Ultrasonic flow meters have many applications, from process flow to custody flow. It is also a common practice to use a clamp-on ultrasonic flow meter to verify other flow meters or for temporary measurement. The article explains what you need to know about the basics of ultrasonic flow measurement and its applications.

There are two types of ultrasonic flow meters: Doppler and transit time ultrasonic flow meters. But first, let’s find out more about the working principle. Then we can go through in-depth variations and typical uses. Later, we will highlight the pros and cons and give examples of brands on the market.


The ultrasonic flow meter is a volumetric flow measurement device with a wide range of applications for liquids and gases. 

Ultrasonic flow meters can be good alternatives to both electromagnetic flow meters and vortex flow meters. If we can’t deploy an electromagnetic flow meter, then an ultrasonic makes an excellent second option. And if the product won’t support the ultrasonic, then you’ll probably look to the vortex.

Ultrasonic flow meter types

As mentioned earlier, an ultrasonic flow meter measures using one of two methods, Doppler or transit time. Vendors might offer you both types in their portfolios or only one. Of course, both options have good and bad points, so the ideal choice will depend on an application.

Doppler method

Usually, when people explain the Doppler effect, they use an ambulance as their example. So, we’ll use a different example: the police car! As the car moves closer to us, its siren sounds louder (audio frequency), even though it doesn’t actually increase the volume. When it moves away, the siren wanes. We call this frequency shift the Doppler effect.

Now, the Doppler method needs particles or bubbles in the fluid. The transmitter’s signal reflects back off the bubbles or particles moving through the pipe, with a slightly changed frequency. The transmitter reads those changes and calculates flow.

This reflected frequency shift is proportional to the velocity of the particles/bubbles, and we assume that the flow velocity matches the particle velocity. In a real application, many particles or bubbles may have differing velocities. We also need to remember that a signal reflected by a particle may hit another particle or bubble before returning.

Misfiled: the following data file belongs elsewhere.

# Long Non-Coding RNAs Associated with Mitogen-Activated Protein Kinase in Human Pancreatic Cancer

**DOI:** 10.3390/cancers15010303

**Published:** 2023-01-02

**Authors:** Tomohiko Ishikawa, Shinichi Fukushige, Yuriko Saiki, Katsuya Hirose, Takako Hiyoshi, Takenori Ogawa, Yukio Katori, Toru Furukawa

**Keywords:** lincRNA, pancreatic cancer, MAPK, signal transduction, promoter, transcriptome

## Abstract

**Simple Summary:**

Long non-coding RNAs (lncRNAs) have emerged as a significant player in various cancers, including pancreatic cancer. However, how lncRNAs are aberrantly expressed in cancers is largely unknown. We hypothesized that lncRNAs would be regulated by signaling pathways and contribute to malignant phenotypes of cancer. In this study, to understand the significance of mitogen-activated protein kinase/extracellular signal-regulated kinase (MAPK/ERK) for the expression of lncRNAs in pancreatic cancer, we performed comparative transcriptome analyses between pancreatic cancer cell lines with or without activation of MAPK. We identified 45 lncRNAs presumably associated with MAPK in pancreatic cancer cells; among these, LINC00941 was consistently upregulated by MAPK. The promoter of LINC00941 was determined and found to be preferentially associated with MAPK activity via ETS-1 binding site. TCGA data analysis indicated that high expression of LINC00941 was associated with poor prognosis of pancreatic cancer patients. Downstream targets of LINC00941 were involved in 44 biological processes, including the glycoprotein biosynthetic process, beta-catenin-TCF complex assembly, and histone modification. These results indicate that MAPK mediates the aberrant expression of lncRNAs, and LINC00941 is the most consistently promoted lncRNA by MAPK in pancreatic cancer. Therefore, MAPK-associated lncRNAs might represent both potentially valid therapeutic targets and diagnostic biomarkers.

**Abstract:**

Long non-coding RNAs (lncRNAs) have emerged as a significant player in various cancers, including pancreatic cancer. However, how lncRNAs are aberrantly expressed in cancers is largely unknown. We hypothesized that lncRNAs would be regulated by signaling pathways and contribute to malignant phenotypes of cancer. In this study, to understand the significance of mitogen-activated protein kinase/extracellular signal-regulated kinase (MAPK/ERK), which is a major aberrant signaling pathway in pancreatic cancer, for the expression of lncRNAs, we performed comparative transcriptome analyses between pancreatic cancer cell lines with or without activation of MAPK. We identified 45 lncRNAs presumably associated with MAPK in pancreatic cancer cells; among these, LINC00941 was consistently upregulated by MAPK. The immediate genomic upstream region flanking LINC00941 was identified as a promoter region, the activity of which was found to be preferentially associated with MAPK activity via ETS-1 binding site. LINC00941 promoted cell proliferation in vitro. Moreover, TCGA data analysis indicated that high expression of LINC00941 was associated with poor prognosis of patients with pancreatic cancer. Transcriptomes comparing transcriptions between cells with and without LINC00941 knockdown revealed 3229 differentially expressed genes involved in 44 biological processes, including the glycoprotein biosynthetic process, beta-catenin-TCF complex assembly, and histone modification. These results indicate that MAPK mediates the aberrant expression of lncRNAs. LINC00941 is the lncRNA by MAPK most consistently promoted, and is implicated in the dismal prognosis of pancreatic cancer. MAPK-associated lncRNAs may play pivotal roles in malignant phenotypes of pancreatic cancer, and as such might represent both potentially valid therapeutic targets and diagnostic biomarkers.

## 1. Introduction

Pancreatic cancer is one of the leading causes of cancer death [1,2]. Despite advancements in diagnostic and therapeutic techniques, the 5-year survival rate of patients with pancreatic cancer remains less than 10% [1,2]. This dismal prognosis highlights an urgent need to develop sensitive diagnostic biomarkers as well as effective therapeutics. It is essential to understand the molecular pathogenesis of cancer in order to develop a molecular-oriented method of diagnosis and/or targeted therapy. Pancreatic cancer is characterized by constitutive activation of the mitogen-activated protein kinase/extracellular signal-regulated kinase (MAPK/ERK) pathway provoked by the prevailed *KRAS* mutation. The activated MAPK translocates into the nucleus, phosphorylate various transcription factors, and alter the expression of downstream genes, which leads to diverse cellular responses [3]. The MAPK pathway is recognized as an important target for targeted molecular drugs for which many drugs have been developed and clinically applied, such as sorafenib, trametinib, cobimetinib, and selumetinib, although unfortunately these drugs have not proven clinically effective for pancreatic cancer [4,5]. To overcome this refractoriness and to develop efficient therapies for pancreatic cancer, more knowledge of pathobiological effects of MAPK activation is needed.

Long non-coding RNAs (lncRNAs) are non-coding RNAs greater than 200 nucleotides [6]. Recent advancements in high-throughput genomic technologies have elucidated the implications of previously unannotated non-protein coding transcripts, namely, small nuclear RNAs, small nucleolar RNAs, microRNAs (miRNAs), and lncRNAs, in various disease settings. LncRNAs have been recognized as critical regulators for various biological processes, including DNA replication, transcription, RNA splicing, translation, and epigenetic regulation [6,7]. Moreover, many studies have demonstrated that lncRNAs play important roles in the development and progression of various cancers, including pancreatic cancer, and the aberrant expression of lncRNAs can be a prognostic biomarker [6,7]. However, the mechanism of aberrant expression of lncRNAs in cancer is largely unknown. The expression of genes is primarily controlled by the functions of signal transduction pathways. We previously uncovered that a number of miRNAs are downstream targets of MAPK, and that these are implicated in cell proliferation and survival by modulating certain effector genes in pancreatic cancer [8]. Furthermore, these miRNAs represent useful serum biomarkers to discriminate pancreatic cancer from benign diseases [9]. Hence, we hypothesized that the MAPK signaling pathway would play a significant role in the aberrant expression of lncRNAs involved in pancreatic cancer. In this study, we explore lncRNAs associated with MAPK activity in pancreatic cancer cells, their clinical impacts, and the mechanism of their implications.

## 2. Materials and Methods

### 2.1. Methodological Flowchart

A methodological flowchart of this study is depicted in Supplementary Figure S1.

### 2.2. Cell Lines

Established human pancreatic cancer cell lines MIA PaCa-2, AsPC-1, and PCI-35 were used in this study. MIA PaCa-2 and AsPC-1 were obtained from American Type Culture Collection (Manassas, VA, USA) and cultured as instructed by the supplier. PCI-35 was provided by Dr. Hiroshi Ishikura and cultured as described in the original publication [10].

Transit time method

Contrarily to the Doppler method, the fluid in a process using the transit time method should not have particles or bubbles. Usually, there is a maximum percentage of bubbles and particles that still allow for accurate measurement.

This method works based on the propagation velocity of sound waves. Imagine that you’re in the middle of a northbound crowd and you want to head south. Exerting the same amount of effort to make your way, you will still end up moving slower because of the contrary movement of the crowd.

With the transit time method, the ultrasonic flow meter has two sensors that transmit and receive signals simultaneously.  At zero flow, you’ll have no transit time delay between both sensors. They transmit and receive signals equally.

When there is flow in the pipe, the sensor emitting the signal in the flow direction will receive its signal sooner than the sensor emitting against the flow. If you know the distance between the sensors, you can calculate the flow velocity based on the difference in transit time.

Depending on the model and vendor, you can have more than two sensors in the device. You can also have inline or clamp-on ultrasonic flow meters to measure the flow on the pipe’s wall or models to measure gas flow.

Clamp-on ultrasonic flow meter

If you want non-intrusive technology, a clamp-on ultrasonic flow meter can be an ideal choice. Of course, a clamp-on may not provide the accuracy you need, so make sure you know your process requirements before buying.

Keep in mind, an ultrasonic flow meter can do complex as well as simple measurements. You can find sophisticated versions on the market, dedicated to custody applications and other high-stake measurements. You may need other devices to support it with process data such as pressure, temperature, and gas composition to keep it accurate, but it’ll do the job.

On the downside, you have to prepare the pipe to receive the clamp-on flow meter’s sensor. You will also have to know the thickness and material of the pipe and make sure you don’t have incrustation. Still, you can install a clamp-on with a local flow transmitter or a portable ultrasonic flow meter.

Portable ultrasonic flow meters

The portable ultrasonic flow meter is an excellent choice to measure temporary flow and verify other meters. However, I’ve seen some service companies offering calibration services using clamp-on devices. However, you can’t calibrate a flow meter with an accuracy of +-0.05 percent very well using another one with an accuracy of +-2 percent.

On the upside, it’s a great tool to verify other meters if you have questions about their accuracy or to measure the flow for a short period of time.



  • No pressure loss
  • No contact with the fluid necessary
  • Small to large nominal diameters


  • Some temperature limitations
  • Deposits in the sensor or pipe can affect the measurement
  • Results will depend on the flow profile

If you need help picking the right flow meter for your application, take a look at our new flow meter smart assistant.